Tales from a successful Franchise - part 1?

I wasn't feeling so successful last week. Scrambling to cover payroll. Yeah, payroll comes every week (ours is north of $40k/wk., but that's for 4 stores, QSR) and after 15 years we oughta know how to handle it. But there were a few other cashflow factors.

It was also the day for our electronic payment to our primary food distributor. Hey, that happens every week too. And it's in the same $ ballpark as the payroll. But the tipping factor was that, dammit, our monthly bank loans also happened to fall due on the same day.

The debt service comes to around $18k per month, and now we have something to chat about. Our first unit was a distressed existing unit, bought for a low price 15 years ago. I suppose some would call it churning, but really, even in a "top tier" system, there are indeed some units that don't do well (it's the unit), and some Zees who don't do well (it's the Zee), and some ya can't figure out who was who. The difference is that the Zor will become involved and make sure the unit gets sold to another Zee, or takes over itself. The public NEVER sees a For Sale sign, nor a dark unit with our brand on the sign.

So we get our first store paid off, but then open a new unit as our 2nd store. And right after that, bought two more existing stores, which were Zor owned. Back then our debt service was around $20k/mon.

Now here's an interesting point: NONE of our loans are, or were ever, SBA. We have never applied for an SBA loan. Our deals are through major national lenders who have franchise financing departments. IMHO a lot of stuff that gets done with SBA shouldn't get done in the first place, but that's my opinion. No loan "brokers" or placement consultants were used either. (Folks, DON'T automatically assume you HAVE TO go SBA; maybe you end up needing to, but BE CAREFUL if you have to. Because I think a LOT more SBA loans fail than do the kind of conventional loans we have.)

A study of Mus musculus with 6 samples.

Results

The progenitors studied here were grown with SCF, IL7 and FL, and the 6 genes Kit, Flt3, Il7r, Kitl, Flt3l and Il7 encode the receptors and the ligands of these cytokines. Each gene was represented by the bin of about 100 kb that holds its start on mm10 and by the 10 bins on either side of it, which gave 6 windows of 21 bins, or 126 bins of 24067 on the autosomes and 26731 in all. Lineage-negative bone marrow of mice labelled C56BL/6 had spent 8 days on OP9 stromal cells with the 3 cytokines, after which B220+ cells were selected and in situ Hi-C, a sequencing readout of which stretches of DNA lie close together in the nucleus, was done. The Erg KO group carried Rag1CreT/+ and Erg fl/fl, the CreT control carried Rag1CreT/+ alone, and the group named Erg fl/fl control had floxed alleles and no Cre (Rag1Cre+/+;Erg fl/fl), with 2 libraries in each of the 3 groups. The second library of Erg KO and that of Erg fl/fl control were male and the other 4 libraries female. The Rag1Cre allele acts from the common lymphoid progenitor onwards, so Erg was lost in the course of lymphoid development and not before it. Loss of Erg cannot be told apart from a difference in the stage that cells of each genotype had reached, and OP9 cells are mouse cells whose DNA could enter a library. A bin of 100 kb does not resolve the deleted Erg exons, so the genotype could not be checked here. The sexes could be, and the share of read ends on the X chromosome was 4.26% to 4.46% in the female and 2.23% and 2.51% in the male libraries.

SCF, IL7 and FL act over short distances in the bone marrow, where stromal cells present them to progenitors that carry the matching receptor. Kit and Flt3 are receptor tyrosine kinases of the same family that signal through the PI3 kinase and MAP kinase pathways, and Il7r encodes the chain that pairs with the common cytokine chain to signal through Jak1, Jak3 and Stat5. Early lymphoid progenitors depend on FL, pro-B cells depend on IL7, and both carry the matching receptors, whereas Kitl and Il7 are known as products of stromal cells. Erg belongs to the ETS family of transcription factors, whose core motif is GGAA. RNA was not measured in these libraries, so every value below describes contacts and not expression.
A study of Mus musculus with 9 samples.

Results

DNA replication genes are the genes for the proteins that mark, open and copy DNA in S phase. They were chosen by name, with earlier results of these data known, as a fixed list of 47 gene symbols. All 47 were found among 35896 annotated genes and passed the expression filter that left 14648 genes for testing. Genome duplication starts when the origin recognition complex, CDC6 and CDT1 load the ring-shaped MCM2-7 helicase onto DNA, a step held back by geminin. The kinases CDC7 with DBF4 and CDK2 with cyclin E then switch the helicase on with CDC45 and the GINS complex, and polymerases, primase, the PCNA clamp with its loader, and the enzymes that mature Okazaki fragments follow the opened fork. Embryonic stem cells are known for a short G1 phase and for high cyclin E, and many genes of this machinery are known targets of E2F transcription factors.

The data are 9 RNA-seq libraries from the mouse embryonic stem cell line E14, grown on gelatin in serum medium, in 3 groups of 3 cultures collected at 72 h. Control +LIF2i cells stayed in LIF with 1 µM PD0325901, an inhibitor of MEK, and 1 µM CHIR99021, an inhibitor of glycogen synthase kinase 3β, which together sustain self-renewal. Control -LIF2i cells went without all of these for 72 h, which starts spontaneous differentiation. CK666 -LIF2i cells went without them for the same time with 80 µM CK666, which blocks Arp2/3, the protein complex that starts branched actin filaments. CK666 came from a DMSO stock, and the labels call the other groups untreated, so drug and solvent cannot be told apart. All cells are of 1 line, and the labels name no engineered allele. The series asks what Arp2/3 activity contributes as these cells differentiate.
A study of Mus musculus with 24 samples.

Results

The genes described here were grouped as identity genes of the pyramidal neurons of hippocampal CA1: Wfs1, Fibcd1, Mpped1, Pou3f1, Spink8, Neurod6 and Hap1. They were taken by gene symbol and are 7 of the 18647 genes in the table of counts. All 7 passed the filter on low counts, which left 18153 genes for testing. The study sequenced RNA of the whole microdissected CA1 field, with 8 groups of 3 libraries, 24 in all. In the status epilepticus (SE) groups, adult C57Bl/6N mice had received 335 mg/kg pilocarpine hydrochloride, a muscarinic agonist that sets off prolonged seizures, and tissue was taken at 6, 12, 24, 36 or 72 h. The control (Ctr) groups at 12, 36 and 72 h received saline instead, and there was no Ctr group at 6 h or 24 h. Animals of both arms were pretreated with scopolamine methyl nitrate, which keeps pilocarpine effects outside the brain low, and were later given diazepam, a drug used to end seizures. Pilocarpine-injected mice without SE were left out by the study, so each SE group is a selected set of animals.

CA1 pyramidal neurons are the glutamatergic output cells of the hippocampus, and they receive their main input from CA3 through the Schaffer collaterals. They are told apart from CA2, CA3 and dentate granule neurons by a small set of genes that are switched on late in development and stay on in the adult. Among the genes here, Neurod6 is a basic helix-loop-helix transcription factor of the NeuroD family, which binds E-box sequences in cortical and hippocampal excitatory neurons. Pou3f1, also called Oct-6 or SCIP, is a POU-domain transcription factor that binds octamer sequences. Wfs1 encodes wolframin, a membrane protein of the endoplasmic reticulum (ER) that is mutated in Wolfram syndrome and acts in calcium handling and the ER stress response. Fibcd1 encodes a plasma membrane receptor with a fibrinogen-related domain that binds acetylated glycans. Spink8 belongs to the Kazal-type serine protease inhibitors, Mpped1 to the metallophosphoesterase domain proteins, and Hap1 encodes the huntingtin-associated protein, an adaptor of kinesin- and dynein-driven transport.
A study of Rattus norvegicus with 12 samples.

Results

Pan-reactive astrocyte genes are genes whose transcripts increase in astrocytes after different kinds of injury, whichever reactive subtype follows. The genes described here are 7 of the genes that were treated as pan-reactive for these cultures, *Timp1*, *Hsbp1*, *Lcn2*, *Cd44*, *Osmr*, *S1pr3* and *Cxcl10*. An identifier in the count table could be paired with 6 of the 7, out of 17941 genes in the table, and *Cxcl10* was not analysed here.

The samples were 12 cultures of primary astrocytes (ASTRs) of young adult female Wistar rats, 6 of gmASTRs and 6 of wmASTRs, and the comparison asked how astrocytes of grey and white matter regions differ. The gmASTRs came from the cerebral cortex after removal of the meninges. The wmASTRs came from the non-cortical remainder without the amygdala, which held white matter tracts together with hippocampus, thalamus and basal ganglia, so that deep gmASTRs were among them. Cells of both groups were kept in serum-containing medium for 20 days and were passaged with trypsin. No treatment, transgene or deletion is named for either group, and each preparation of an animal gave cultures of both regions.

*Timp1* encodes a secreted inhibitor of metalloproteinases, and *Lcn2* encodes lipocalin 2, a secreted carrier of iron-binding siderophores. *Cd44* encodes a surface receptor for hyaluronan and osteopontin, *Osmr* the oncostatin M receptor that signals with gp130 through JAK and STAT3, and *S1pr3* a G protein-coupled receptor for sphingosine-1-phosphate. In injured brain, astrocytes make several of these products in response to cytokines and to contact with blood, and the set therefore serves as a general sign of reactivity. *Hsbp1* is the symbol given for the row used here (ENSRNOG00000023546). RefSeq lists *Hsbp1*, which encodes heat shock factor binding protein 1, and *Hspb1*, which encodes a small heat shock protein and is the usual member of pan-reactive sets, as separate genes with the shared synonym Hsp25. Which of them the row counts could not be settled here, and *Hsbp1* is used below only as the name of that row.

And here's another point: People who buy top tier franchises don't necessarily have huge money, they have huge loans. Because the top tier "concepts" are considered to be a pretty secure bet, the ffective cap rates are low. Or to put it another way, people are willing to pay a BIG multiple of cash flow to buy them. Perversely, this even things out and makes them in effect as risky as a lot of other small business. Since the business has to carry such high debt, it can't afford for anything to go wrong. The slightest operational slipup and there goes not only the profit but maybe even the debt service.

Critical in our brand is to run your own pro forma P&Ls when contemplating buying a unit. Everybody runs their own numbers. That's where the negotiation takes place, on the numbers. There is actually a sort of standard, corporate (Zor) method of valuation, using a 20 year DCF. An inflationary growth is built in, and then a discount rate applied. But of course the appropriate growth as well as the appropriate cap rate can be matters of differing opinion.

Some Zees will therefore use shortcut methods such as a multiple of cashflow. But then of course you still need to determine, or project, cashflow. And in practice, let's face it, nobody's projections ever turn out to be accurate in all respects. But you have to start somewhere. Or at least, we think so.

So anyway. We get the 2nd store paid off, debt service drops to $10k. But then we borrow over a half million more for reinvestment. And dang that debt service is back up to $18k. I'll be glad when, in a few months, the 3rd & 4th stores will be paid off too, taking $10k/mo. off our bill. For us right now, it's all about the debt.